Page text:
A justice drama based on a true story about a man on death row who in his last days forms a strong relationship with a nun who teaches him forgiveness and gives him spirituality as she accompanies him to his execution. Susan Sarandon won an Oscar for best female actress for her convincing portrayal of Sister Helen Prejean.
|Release Date||:||December 29, 1995|
|Production Company||:||Havoc, PolyGram Filmed Entertainment, Working Title Films|
|Production Countries||:||United States of America, United Kingdom|
|Director||:||Tim Robbins, Allan F. Nicholls, Sam Hoffman|
|Writers||:||Helen Prejean, Tim Robbins|
|Casts||:||Susan Sarandon, Sean Penn, Robert Prosky, Raymond J. Barry, R. Lee Ermey, Celia Weston, Lois Smith, Scott Wilson, Roberta Maxwell, Margo Martindale, Jack Black, Ray Aranha, Peter Sarsgaard, Barton Heyman, Steve Boles, Nesbitt Blaisdell, Larry Pine, Kevin Cooney, Clancy Brown, Michael Cullen, Missy Yager, Jenny Krochmal, Jon Abrahams, Arthur Bridgers, Steve Carlisle, Eva Amurri Martino, Jack Henry Robbins, Dennis Neal, Molly Bryant, Adele Robbins, Pete Burris, Joan Glover, Lenore Banks, Scott Sowers, Cortez Nance Jr., Adam Nelson, Jeremy Knaster, Marcus Lyle Brown, Anthony Michael Frederick, Thomas McGowan, Codie Scott, Helen Prejean|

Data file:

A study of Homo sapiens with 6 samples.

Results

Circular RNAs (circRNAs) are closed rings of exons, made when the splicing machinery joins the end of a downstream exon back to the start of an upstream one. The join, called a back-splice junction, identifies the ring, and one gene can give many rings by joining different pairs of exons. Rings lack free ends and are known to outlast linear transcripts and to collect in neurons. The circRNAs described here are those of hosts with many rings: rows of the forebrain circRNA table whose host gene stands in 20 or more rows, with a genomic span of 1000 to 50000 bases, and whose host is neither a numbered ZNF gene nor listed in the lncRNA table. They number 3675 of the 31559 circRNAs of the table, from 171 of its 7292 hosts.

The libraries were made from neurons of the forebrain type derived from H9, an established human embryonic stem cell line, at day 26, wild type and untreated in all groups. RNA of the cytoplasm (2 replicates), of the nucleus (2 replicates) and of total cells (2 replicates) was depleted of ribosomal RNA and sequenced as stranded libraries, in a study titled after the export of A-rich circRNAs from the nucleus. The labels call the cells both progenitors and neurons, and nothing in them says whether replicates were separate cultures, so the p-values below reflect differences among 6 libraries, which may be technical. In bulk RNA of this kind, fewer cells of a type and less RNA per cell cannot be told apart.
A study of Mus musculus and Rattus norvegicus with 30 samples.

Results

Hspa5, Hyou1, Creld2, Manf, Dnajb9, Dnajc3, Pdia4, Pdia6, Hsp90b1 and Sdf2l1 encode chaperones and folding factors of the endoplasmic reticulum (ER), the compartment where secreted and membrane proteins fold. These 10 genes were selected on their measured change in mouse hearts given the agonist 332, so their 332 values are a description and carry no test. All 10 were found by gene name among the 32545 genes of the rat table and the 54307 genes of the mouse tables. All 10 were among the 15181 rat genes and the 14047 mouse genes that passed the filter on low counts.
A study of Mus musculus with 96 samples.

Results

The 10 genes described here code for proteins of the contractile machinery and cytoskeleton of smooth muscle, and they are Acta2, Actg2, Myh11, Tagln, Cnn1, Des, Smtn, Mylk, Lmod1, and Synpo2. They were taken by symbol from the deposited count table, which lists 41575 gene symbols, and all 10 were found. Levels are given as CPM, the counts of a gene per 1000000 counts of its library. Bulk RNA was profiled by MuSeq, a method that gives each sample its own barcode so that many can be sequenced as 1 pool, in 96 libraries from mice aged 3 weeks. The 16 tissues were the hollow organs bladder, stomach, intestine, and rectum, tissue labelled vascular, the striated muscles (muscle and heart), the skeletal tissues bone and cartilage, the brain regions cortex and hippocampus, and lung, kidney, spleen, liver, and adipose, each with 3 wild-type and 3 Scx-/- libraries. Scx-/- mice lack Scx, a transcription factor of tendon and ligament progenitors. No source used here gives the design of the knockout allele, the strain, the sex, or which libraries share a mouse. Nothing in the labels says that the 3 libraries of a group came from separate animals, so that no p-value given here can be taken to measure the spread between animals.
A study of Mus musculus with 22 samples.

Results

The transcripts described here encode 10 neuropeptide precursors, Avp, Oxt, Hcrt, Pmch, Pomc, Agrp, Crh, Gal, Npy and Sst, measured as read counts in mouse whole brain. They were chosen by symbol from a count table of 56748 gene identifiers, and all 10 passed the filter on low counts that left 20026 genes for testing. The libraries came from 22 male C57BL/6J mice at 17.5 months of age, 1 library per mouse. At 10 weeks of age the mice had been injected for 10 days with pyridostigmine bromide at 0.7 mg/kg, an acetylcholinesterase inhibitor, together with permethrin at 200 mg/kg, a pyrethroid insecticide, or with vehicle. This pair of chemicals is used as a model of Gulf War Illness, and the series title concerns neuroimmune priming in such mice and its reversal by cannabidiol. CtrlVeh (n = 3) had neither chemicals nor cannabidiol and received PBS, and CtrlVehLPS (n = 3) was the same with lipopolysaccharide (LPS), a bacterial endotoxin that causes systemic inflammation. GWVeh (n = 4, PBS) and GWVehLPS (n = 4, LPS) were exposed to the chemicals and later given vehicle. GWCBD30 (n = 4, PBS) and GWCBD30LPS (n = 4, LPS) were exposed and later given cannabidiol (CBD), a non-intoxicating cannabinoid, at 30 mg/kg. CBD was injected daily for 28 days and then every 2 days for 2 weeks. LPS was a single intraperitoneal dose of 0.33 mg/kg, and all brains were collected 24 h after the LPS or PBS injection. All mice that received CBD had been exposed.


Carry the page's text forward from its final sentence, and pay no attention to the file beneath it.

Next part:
|Plot Keywords||:||prison, rape, socially deprived family, penalty, death penalty, despair, death row, begnadigung, therapist, self-discovery, prison cell, court case, death sentence, doomed man, sentence, lethal injection, forgiveness, charity, mercy petition, rage and hate, unsociability, right and justice, court, electric chair, cowardliness|
I'm astonished how a filmmaker notorious for his political left-wing fervor could make such a subtle, non-sanctimonious picture. If you're for capital punishment, you'll still be for it after seeing this. If you're against capital punishment, you'll still be against it. But whatever your stance is, this movie will, at the very least, make you reflect on why you feel the way you do. There's not one false note in the film.